Session Type: ACR Poster Session C
Session Time: 9:00AM-11:00AM
Background/Purpose: Rheumatoid arthritis (RA) patients from Latin-America present distinctive characteristics when compared to Caucasians, that are known to impact patient´s outcomes. Despite early and more aggressive treatment guidelines recently adopted, some patients require reconstructive joint surgery, considered an indicator of poor prognosis. The objectives of the study were to describe incidence rate of orthopedic and hand surgery indication (OHSI) in a cohort of Mexican Mestizo early RA patients treated with conventional DMARDs according to a T2T strategy and to investigate OHSI predictors.
Methods: Patients enrolled in the cohort had a disease duration of <1 year and complete rheumatic assessments at fixed intervals. Up to February 2018, the cohort comprised 185 RA patients recruited from 2004 onwards, with at least fourteen months of follow-up; 2.7% were dead, 23.3% lost to follow-up and 74% had active follow-up. Charts were reviewed and incidence rate of OHSI was calculated. A nested within a cohort case-control study was designed to investigate predictors; cases (patients with OHSI) were paired to controls (1:4) according to age (± 5 years), sex, baseline RF and ACCP; cumulative disease activity (summarized as DAS28, first sustained remission [SR], time in SR, number of flares and % of follow-up in remission status), cumulative treatment (N° DMARD/patient, patients with corticosteroids and % of time with corticosteroids), and cumulative persistence (N° of patients persistent and % of follow-up patients were persistent) were compared between cases and controls. Logistic regression´s models included baseline and cumulative (up to OHSI or equivalent) variables. Local IRB approved the study.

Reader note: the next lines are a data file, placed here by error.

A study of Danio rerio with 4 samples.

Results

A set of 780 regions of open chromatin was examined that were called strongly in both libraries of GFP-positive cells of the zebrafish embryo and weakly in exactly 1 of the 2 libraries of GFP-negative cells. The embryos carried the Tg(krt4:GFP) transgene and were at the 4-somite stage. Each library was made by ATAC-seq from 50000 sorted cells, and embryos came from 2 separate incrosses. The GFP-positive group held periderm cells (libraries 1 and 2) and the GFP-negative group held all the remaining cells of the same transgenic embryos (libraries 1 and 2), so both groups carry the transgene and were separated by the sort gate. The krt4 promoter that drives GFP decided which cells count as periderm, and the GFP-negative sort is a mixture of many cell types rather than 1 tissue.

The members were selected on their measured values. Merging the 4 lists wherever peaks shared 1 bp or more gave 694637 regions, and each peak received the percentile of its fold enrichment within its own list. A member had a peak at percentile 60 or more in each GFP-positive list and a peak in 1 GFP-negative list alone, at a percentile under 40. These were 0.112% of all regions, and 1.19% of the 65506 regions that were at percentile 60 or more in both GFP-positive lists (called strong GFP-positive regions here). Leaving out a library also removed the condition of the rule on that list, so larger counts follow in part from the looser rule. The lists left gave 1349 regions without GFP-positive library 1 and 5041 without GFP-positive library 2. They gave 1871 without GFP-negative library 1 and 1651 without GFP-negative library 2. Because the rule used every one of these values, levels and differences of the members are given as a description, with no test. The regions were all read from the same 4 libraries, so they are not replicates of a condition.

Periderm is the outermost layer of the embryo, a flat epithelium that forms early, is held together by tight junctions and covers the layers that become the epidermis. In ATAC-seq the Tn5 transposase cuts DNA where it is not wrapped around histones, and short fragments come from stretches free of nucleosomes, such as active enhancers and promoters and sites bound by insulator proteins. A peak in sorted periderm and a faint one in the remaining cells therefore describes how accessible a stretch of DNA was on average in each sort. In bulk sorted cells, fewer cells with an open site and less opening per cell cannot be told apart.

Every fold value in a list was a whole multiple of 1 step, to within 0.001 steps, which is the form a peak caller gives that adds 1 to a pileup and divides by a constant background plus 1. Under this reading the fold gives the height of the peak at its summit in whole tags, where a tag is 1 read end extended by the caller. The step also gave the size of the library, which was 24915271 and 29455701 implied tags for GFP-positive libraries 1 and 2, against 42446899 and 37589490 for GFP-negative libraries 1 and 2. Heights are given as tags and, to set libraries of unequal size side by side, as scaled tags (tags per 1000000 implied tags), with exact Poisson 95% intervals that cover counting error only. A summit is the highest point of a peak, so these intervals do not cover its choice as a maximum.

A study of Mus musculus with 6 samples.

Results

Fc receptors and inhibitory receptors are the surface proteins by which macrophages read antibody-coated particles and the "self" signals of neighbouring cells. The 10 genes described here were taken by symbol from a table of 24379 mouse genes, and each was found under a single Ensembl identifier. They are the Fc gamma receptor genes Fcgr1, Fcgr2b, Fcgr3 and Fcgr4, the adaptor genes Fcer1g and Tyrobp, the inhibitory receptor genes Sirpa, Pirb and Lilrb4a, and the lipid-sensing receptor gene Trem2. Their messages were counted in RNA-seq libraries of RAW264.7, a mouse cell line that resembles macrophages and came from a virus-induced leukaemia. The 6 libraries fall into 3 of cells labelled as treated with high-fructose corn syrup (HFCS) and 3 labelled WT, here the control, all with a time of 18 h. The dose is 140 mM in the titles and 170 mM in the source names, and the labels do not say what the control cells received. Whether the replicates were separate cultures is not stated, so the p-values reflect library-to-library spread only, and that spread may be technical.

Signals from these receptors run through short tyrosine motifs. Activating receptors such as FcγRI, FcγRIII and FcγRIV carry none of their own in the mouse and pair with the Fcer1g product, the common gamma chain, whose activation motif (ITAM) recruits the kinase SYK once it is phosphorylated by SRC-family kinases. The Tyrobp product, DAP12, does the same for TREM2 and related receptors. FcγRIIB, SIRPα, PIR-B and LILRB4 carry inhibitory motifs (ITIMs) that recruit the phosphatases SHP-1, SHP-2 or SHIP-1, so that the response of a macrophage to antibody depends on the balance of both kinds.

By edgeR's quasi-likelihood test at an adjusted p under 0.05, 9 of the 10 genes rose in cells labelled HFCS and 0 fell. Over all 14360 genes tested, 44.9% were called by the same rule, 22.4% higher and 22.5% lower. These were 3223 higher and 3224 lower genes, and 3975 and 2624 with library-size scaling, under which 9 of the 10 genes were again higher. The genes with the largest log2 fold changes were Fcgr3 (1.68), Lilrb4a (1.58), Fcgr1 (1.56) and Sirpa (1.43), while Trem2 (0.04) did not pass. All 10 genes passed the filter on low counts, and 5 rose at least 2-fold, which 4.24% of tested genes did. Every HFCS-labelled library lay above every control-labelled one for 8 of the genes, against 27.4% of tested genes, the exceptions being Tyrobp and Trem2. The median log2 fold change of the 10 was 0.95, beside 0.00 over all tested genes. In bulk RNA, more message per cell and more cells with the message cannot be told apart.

Results: Patients entering the cohort were predominantly middle-aged (mean±SD age of 38.5±12.9 years) female (87.6%), with (mean±SD) 5.4±2.6 months of disease duration. Up to cut-off, the cohort contributed to 1538 patient-years of follow-up. There were 12 patients with incidental OHSI, at a (mean±SD) follow-up of 85±44.5 months; 9 (75%) received orthopedic surgery indication meanwhile 3 (25%) received hand surgery indication; incident global rate was of 0.8/100 patient-years. Regression models included baseline variables (months of symptom´s disease duration) and cumulative variables (N° of flares/patient, % of follow-up in remission status, N° of patients persistent and % of follow-up patients were persistent with therapy). Longer symptom´s duration at referral to the cohort (OR: 1.313, 95%CI: 1.02-1.68, p=0.032) and higher number of flares (OR: 1.608, 95%CI: 1.05-1.61, p=0.015) were predictors of OHSI. ROC showed that the best cut-off for symptom´s duration and cumulative number of flares to predict OHSI were 6 months (Sensitivity: 0.833; Specificity: 0.665; AUC: 0.746, 95% CI: 0.593-0.899) and 5 flares/patient (Sensitivity: 0.750; Specificity: 0.625; AUC: 0.702, 95% CI: 0.522-0.882), respectively.
Early referral for appropriated management according to a T2T strategy and flares controls may prevent OHSI in Hispanic early RA patients.
To cite this abstract in AMA style:Contreras-Yáñez I, Guaracha G, Díaz-Borjón E, Iglesias M, Pascual-Ramos V. Early Referral and Flare´s Control Prevent Orthopaedic and Hand Surgery Indication in a Dynamic Cohort of Hispanic Early Rheumatoid Arthritis Patients [abstract]. Arthritis Rheumatol. 2018; 70 (suppl 10). https://acrabstracts.org/abstract/early-referral-and-flares-control-prevent-orthopaedic-and-hand-surgery-indication-in-a-dynamic-cohort-of-hispanic-early-rheumatoid-arthritis-patients/. Accessed August 10, 2020.